Citing a Pew Research Poll, The New York Times' Kirk Johnson surmises that college students, who once swooned for President Obama, are now beginning to distance themselves from the Democratic Party. The "college vote," which traditionally skews Democratic, may be marginalized this year as young adults become disillusioned with the administration. The trend comes at a particularly poor time for Democratic candidates, as Republicans and Tea Party "insurgents" have been building momentum toward significant congressional gains this November. Pundits parse the numbers, explaining the implications of the latest electoral wrinkle.

  • It's Similar to What Happened After 1976 when "a bunch of naive 18-, 19- and 20-year-olds voted for a Democratic president and 4 years later either fled politics or the Democratic Party," grumbles Don Surber at The Daily Mail. "I predict that people under 30 this year will revert to their usual apathetic and self-centered ways — it is a stage of life — and simply stop voting because it is no longer cool." The 50-64 age group will decide the election as American politics "returns to normal."
  • The Youth Aren't Becoming Republicans, they just appear to be disillusioned with politics in general right now, figures Doug Mataconis at Outside the Beltway. "However, it’s worth noting that we haven’t really seen any evidence since November 2008 that the young voters that President Obama excited during his two years on the campaign trail are any more politically engaged or active for other Democrats than they were in the past." Obama-mania, he writes, seems to be "overblown."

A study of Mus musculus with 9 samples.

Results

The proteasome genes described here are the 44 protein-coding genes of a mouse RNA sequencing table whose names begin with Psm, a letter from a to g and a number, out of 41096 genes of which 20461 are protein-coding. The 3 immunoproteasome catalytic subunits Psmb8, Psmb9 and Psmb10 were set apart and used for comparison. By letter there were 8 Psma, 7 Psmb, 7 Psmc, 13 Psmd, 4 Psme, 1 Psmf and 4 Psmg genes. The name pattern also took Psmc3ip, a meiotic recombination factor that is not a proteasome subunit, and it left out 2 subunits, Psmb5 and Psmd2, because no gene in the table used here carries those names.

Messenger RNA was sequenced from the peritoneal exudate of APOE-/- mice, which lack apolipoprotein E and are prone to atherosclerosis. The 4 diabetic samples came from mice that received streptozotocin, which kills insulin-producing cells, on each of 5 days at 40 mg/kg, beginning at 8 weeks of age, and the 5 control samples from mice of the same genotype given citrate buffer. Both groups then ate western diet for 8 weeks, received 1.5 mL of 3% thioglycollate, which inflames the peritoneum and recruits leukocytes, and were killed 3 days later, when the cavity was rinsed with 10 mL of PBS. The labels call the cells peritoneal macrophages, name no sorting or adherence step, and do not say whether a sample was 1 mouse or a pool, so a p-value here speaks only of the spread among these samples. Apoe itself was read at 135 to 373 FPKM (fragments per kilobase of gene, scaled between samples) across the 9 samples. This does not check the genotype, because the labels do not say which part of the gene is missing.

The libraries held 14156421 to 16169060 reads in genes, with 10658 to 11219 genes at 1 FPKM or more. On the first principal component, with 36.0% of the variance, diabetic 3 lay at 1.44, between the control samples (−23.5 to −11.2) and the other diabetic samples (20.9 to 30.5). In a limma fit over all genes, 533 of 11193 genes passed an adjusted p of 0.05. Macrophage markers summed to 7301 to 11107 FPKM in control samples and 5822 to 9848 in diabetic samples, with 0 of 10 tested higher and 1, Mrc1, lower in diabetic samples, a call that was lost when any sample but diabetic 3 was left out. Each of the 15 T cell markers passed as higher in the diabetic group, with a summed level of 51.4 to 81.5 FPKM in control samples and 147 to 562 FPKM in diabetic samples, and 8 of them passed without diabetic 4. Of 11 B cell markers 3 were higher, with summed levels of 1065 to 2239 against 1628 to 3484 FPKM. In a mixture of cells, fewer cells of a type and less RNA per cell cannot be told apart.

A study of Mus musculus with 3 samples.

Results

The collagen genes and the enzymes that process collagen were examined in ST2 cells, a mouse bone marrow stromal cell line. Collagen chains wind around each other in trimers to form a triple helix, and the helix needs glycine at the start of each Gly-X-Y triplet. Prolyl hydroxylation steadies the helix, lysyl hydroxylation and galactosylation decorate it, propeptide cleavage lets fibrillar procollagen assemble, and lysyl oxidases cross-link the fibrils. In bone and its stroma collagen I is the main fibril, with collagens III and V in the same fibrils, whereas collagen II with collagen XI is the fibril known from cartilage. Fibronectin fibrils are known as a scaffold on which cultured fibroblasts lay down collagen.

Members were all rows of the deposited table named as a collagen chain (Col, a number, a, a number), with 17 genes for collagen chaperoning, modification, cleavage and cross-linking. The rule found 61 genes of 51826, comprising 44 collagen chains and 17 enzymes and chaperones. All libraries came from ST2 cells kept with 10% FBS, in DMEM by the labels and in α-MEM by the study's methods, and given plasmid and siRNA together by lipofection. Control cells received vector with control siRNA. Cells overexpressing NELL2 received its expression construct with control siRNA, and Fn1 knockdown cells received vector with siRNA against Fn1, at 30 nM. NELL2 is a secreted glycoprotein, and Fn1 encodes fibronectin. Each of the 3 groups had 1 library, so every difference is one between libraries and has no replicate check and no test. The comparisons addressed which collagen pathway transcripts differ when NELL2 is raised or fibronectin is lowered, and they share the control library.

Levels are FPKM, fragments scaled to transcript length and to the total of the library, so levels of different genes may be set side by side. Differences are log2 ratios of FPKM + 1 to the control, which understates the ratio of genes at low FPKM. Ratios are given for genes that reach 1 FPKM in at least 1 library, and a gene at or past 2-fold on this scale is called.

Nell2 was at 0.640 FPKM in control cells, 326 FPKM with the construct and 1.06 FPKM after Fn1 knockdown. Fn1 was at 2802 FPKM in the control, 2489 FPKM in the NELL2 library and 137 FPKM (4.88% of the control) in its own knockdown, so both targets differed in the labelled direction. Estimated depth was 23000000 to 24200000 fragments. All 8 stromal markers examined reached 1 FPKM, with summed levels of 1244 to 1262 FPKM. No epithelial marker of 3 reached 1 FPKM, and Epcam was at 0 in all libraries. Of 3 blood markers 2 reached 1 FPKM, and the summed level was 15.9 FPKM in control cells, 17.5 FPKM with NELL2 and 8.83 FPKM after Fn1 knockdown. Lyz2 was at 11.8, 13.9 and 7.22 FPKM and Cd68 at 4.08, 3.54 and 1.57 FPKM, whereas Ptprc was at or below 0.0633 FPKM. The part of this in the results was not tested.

• The Reason: Dems Have An Incoherent Message  "They cannot explain in one sentence what Democrats stand for," writes Steffen Schmidt at The Des Moines Register. "The lack of young voter enthusiasm is perfectly clear – if you don’t advertise your product the competition will blow you away. The GOP has been marketing itself like crazy and has all the media 'stars' (whether you like Sarah Palin, Glenn Beck, Limbaugh, and others or not)."
  • Obama's 2008 Appeal Was Based on Personality, not his "carefully concealed" ideology, notes B. Daniel Blatt at Gay Patriot. "Obama only narrowly edged John McCain among voters over 30. Even if a majority of the youth vote (but smaller than Obama's 2008 tally) remains Democratic, if the shift away from the president’s party is paralleled among older demographics, the Democrats' majority vanishes."
  • This Is Another 'Bogus Trend Story' peddled by The New York Times, asserts Paul Waldman at The American Prospect. "In the heart of a presidential campaign in which the Democrat, a dynamic young candidate, would go on to whip the Republican, a crotchety old candidate, the proportion of young people identifying as Democrats peaked at 62 percent. And now, with the economy in the toilet, the president's approval ratings in the 40s, and Democrats facing huge losses in November, that number has plummeted all the way to ... 57 percent."